While Brexit and the Mexican wall are the West’s shrill cries for national sovereignty, it seeks to hollow out the same in Africa through “voluntary colonisation”
In late November, Germany’s minister of state for Africa managed to raise the hackles of an entire continent. Günter Nooke argued that African countries should consider “voluntary colonisation” to speed economic development and create employment. If sovereign nations in Africa agreed to lease portions of their territory to western states or to transnational institutions such as the European Union or the World Bank, you could have Hong Kongs or Singapores rising on the North African coast, or in the Sahel, or in Madagascar. Nooke insisted that such “voluntary colonies” would also curb the flow of migrants north from Africa into Europe as they would provide alternative destinations for people trying to improve their lives.
Predictably, the proposal was dismissed out of hand by the African Union, whose spokesperson resented the suggestion that “Africa needs to give up sovereignty and accede to ‘management’ by international organisations.” Other politicians and writers on the continent rightly bristled at the thought of western countries patronisingly relieving African nations of their political power for the sake of their supposed development; according to Nanjala Nyabola, writing in Al Jazeera online, the attempt “to reclaim colonialism by couching it in neoliberal trends or ideology” smacked of “hipster colonialism”.
That trendy ideology is particularly the brainchild of Paul Romer, an American economist and former senior vice-president of the World Bank and newly-minted Nobel prize winner. He advocates “charter cities”, essentially special economic zones in developing nations that would be administered by either rich countries or powerful companies. According to Romer, these charter cities would offer the security of “rules” that incentivise profit, attracting foreign investment. He nearly convinced the government of Madagascar in 2009 to embrace the scheme, before it had to be abandoned following public outrage. Undeterred, Romer’s special economic zones are about to be tested in Honduras. Romer sees the world as ripe for the creation of charter cities; in a 2011 Ted Talks, he showed a photo he had taken from a plane of a deserted African coastline as proof that his model had plenty of room to grow.
There is a very insidious kind of delusion at the heart of this magical thinking. Aware that his scheme conjures 19th-century European empire, he insists that while colonisation was borne out through “condescension” and “coercion,” charter cities only offer the natives the privilege of “choice”. But what is more condescending than suggesting that sovereign African (or Latin American or Asian) nations are incapable of improving themselves? And what better represents the coercive force of the market than demanding the exchange of sovereignty for investment?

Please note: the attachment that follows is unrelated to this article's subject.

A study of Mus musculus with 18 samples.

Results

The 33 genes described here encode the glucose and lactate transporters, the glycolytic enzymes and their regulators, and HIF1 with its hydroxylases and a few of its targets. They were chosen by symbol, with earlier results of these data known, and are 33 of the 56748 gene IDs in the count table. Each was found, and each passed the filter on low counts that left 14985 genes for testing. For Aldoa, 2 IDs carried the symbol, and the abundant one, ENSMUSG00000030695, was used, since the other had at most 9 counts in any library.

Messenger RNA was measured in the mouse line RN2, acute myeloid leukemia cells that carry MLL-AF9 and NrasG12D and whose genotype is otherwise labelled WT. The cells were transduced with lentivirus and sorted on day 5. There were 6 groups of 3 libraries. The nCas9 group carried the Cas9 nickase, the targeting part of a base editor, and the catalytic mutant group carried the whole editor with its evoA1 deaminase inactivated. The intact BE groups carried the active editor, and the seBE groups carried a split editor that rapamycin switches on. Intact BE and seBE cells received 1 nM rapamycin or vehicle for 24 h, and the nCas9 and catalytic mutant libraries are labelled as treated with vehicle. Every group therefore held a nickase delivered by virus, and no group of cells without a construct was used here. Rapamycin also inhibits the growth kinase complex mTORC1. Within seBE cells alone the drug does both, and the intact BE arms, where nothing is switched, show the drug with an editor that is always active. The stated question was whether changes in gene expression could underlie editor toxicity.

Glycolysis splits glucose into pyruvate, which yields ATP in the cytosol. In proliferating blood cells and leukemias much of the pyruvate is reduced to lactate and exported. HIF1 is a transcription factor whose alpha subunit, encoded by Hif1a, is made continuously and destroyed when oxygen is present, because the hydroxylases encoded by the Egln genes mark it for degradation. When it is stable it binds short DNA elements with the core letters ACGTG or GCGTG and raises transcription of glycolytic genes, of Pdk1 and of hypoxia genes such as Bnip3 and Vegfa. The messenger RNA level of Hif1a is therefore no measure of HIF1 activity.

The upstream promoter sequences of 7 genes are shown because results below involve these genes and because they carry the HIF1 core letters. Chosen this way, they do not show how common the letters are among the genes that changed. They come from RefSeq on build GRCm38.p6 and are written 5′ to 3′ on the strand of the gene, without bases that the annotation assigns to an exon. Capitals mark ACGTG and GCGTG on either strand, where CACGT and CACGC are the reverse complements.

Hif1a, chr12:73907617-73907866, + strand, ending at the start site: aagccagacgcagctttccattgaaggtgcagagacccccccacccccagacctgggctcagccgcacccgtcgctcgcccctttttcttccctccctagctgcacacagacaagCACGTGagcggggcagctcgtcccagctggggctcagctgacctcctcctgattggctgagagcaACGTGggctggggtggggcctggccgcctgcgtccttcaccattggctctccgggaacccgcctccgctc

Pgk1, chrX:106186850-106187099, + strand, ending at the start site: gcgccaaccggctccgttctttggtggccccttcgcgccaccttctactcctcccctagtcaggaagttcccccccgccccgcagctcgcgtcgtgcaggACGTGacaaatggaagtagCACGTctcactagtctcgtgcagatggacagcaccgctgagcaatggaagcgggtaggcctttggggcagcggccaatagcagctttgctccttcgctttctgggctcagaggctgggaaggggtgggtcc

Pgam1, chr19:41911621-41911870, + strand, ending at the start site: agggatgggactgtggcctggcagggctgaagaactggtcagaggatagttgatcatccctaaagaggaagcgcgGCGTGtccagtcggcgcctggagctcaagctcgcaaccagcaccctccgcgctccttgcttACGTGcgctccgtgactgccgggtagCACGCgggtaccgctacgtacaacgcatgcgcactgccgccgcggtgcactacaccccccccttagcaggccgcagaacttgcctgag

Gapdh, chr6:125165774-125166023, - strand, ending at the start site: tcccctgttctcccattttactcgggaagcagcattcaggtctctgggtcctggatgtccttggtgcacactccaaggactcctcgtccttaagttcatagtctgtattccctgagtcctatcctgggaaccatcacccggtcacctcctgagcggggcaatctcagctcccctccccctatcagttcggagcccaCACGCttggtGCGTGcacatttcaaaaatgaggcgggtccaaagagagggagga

Proponents of “voluntary colonisation” or “charter cities” don’t appreciate the ways in which existing nations are already hampered in improving their economies. According to the UN Economic Commission for Africa, multinational companies illicitly transfer over $100 billion in unpaid taxes out of the continent every year. African markets have long been dumping grounds of western exporters, with everything from imported agricultural goods to second-hand clothing conspiring to hurt local producers. And never mind the bedevilling legacy of western invasion and genocide in the continent, the Cold War-era meddling in African political systems, and the more recent military interventions that have stirred precisely the turmoil that has generated flows of migration north to Europe.
But however far-fetched it seems now, there is an understandable urgency to the idea of “voluntary colonisation” or “charter cities”. Increased migration to Europe and other wealthy parts of the world is inevitable. Economic globalisation has not flattened the world, as its evangelists such as Thomas Friedman promised, but has concentrated wealth within countries and expanded inequality between countries. Add the immense effects of climate change and the consequences of political and social unrest, and it is hardly surprising that we have become familiar with images of migrant caravans moving to the southern border of the US or of migrants filling boats in the Mediterranean.
“Inequality is now determined more by where you live than the class you belong to,” writes Branko Milanovic, a leading scholar of global inequality. Your country and place of birth determine your future prospects in the world economy, a position often inextricable from the relative power of your passport. That simple fact may not be apparent to many people in wealthier countries, but it is abundantly clear to the migrants who make perilous journeys across borders in search of better lives.
It’s not a paradox, but rather an entirely natural function of our current stilted global order that people in the West yell about preserving their national sovereignty — think of the chest-thumping around Brexit or of the arguments of Trump advisers in defence of the preposterous, wasteful border wall with Mexico — while seeking to hollow out sovereignty elsewhere.